Some people in our lives leave us with marks, both seen and unseen. Merlynn Tong’s play Blue Bones is a poignant exploration of the psychology of domestic violence, relationships and survival.
When Merlynn goes to the doctor, x-rays reveal scars on her bones left by a violent ex-boyfriend she had in her mid-teens. This unearths memories- traumatic memories that she has long fought to repress.
Written and performed by Merlynn Stone, Blue Bones is a personal, often uncomfortably intimate, dissection of a relationship that disintegrates into violence. Merlynn’s performance is captivating and slides effortlessly from brutal, to joyous, upsetting, light and even funny. She exudes honesty, warmth and vulnerability which ensures that the audience sees the situation through her eyes. I cannot conceive of the courage it has taken Merlynn to not only write (the script is genuinely beautiful), but also perform this show and bare her soul and scars before hundreds of people. Acting truthfully is difficult, and acting yourself can add a layer of complexity, insecurity and self-doubt that makes Merlynn’s performance even more remarkable. Further, as a one-woman show Merlynn also plays the other major people in her life, including her abuser. Through her, we capture some understanding of the inner torment that victims of domestic violence experience- the lengths they go to excuse the beloved abuser’s behavior and the self-recriminations they torment themselves with. This however, is in no way a story of self-pity or of a broken person. This is a story of strength, of survival, of coming to terms with the past and of rediscovering yourself and the things you love in life.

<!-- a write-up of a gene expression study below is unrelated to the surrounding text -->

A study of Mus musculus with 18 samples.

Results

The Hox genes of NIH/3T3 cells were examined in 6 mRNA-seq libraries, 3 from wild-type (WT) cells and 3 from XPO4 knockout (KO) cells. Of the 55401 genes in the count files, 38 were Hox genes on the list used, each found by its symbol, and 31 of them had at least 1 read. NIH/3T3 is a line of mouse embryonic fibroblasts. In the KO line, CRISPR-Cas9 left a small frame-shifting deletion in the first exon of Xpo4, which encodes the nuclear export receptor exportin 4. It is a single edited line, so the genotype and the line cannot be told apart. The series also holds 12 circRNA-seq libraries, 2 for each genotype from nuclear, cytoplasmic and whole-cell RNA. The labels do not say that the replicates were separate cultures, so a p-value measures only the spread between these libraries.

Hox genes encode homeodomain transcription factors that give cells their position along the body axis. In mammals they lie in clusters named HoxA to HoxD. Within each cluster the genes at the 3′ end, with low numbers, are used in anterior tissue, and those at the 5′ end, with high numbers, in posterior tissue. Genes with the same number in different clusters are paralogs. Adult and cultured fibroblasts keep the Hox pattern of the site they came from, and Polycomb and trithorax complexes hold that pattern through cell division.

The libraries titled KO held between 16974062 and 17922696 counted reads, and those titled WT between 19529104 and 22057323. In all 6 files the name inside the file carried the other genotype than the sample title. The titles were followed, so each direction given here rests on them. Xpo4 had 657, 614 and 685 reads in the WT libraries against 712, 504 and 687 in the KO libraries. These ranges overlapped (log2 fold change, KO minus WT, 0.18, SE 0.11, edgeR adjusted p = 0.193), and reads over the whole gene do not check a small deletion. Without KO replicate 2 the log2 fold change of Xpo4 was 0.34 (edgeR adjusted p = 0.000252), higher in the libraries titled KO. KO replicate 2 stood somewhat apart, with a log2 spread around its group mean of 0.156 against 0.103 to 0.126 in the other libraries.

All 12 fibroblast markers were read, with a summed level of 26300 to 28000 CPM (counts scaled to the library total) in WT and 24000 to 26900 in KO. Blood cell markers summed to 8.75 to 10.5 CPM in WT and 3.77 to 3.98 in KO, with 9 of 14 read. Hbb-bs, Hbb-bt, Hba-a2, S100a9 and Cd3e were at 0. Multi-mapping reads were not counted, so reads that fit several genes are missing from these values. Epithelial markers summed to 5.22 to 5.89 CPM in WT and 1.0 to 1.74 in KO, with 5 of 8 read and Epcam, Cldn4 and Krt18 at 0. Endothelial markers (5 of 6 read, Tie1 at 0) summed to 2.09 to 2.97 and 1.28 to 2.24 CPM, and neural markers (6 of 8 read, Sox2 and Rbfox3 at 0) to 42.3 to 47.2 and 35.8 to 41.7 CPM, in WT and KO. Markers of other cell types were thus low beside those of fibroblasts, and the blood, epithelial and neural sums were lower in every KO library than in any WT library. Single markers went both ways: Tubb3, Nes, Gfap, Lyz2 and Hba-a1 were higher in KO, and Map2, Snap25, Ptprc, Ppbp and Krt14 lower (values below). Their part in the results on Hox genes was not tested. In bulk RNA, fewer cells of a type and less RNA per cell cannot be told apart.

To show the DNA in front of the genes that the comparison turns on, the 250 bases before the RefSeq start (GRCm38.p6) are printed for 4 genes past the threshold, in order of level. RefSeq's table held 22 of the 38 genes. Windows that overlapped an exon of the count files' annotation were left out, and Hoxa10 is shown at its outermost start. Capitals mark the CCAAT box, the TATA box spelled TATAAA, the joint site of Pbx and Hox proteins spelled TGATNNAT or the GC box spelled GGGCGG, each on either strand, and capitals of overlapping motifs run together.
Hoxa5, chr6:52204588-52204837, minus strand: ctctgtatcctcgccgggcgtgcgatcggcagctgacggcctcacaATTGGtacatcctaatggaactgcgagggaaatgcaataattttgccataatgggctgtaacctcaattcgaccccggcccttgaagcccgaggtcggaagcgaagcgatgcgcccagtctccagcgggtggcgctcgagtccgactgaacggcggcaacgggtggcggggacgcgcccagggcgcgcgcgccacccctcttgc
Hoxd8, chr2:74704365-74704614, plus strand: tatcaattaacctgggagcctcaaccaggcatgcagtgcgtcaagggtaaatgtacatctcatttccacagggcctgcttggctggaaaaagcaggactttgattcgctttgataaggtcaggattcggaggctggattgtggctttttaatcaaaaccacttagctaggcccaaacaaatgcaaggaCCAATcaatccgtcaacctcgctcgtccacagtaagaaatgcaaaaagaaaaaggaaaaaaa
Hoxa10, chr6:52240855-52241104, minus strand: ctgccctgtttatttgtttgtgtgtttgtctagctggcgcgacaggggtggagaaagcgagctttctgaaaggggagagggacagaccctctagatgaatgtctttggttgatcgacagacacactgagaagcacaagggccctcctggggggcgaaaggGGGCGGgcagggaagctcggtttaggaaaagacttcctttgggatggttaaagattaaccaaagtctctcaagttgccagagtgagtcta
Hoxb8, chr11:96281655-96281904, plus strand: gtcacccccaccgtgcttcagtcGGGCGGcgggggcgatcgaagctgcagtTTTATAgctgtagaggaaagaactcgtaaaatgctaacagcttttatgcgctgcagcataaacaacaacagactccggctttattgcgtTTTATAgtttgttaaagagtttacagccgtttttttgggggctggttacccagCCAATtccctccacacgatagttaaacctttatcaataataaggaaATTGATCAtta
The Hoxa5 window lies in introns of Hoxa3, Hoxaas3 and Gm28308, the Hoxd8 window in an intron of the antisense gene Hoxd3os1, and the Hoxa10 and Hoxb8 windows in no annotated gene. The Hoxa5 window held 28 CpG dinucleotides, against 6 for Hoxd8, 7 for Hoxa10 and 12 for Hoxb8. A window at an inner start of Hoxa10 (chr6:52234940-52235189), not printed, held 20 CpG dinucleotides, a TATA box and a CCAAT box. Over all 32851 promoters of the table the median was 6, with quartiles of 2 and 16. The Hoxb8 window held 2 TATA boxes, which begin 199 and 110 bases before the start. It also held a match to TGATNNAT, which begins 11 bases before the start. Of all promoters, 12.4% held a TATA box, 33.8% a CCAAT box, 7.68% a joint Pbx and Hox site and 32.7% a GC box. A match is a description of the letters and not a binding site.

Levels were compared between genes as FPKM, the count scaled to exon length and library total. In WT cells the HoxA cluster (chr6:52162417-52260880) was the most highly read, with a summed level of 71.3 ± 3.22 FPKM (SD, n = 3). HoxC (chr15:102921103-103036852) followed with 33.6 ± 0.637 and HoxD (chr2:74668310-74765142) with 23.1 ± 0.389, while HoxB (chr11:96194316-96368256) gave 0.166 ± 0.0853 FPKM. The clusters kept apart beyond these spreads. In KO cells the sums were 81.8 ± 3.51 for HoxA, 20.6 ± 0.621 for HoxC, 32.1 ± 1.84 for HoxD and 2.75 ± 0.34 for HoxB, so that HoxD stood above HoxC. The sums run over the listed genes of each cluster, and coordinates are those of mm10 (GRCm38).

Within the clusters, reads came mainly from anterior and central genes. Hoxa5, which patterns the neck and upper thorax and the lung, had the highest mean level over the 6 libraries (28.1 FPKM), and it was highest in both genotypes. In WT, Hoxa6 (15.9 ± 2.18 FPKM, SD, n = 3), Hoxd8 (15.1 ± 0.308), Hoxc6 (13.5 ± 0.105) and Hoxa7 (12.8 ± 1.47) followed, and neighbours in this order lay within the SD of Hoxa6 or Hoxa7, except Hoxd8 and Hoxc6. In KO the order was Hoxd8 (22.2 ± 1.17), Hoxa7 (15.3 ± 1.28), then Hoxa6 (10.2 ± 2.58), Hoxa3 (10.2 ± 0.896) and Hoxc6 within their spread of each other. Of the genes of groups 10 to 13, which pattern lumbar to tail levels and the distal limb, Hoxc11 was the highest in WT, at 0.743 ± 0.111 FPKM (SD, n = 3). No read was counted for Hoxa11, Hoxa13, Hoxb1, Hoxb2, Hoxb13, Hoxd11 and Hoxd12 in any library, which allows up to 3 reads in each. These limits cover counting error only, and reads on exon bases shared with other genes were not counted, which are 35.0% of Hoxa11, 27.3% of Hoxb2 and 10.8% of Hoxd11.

The production values of the play are excellent. David Walter’s lighting keeps the focus on Merlynn, but also helps transition through the multitude of times and places Merlynn takes us to. The use of projection with photos of her school, playgrounds, parks and other key places in her life also enables us to more clearly and realistically experience her journey. Paul Malgapo’s fight choreography has a distressing level of realism.
Right at the end of the play, the house lights came up a little earlier than usual. I was momentarily puzzled- and then I saw Merlynn. She was scanning the audience, establishing a connection with individuals and gauging our reactions. In that moment I desperately wanted to compose my face, to give her whatever reaction she wants, but I didn’t know what that was. There seemed to be something in her gaze that was challenging- challenging the audience to look her directly in the eye, or perhaps challenging us to take action in our lives to help ourselves or others. It felt like she had given so much of herself in the performance that we owed her something in return.
Blue Bones is not an easy play to watch- nor should it be. These are aspects of people and society that are unpleasant but important to discuss and this play does so unapologetically. This is an incredibly powerful, disturbing story that is sure to get under your skin and leave you shaken.
Blue Bones will play at the Brisbane Powerhouse’s Visy Theatre until May 13.